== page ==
Who ever thought that a morning cup of coffee, which so many Americans rely upon in order to jump-start their day, could also forestall a meeting with the Grim Reaper? Well, according to the results of a new prospective study published in the New England Journal of Medicine, coffee drinking is associated with lower total and cause-specific mortality.
As part of the National Institutes of Health-AARP Diet and Health Study, researchers from the National Cancer Institute analyzed data on over 400,000 adults between the ages of 50 and 71 years old who were free of cancer, heart disease, and stroke at the study s onset. Participants' coffee consumption was assessed once at baseline, and they were then followed for up to 14 years. After an adjustment for smoking and other potential confounders, the results showed that men and women who drank an average of four to five cups of coffee daily had the lowest risk of death. And the effect held across a wide variety of causes of death, including heart disease, respiratory disease, stroke, injuries and accidents, diabetes, and infections. Drinking coffee was not, however, associated with a lower risk of dying from cancer.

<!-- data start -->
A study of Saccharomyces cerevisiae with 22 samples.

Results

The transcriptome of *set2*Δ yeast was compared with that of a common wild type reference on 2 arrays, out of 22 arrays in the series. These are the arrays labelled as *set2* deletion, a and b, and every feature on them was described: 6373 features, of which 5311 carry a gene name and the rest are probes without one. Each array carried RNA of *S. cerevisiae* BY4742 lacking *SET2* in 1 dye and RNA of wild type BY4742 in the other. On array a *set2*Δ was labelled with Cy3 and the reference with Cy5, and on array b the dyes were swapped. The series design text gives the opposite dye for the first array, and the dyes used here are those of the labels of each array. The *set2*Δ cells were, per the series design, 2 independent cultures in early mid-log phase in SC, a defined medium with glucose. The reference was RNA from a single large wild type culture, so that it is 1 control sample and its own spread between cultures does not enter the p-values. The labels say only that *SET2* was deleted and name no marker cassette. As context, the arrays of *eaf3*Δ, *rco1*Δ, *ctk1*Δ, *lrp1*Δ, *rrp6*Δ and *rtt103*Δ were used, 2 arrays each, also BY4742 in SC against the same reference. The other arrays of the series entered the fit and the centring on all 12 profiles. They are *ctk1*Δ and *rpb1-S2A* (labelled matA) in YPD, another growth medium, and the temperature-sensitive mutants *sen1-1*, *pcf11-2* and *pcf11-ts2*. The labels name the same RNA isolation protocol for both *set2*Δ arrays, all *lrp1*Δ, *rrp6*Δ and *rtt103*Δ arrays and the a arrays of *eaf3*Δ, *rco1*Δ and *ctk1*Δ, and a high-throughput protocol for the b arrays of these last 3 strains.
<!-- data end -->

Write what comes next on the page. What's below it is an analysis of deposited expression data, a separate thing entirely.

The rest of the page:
It seems as though, every few months, we read about another study linking coffee to some sort of health effect, observes ACSH s Alyssa Pelish. Sometimes it s a beneficial effect, sometimes it s adverse but the effects of coffee are a favorite object of scrutiny in these often slightly silly observational studies.
It s true, too, that such studies are often fraught with methodological problems, and the latest one is no exception. The researchers only measured coffee consumption once during this entire study, says ACSH s Dr. Ruth Kava. How can you reliably calculate coffee-associated mortality if you ve only measured it a single time over 14 years?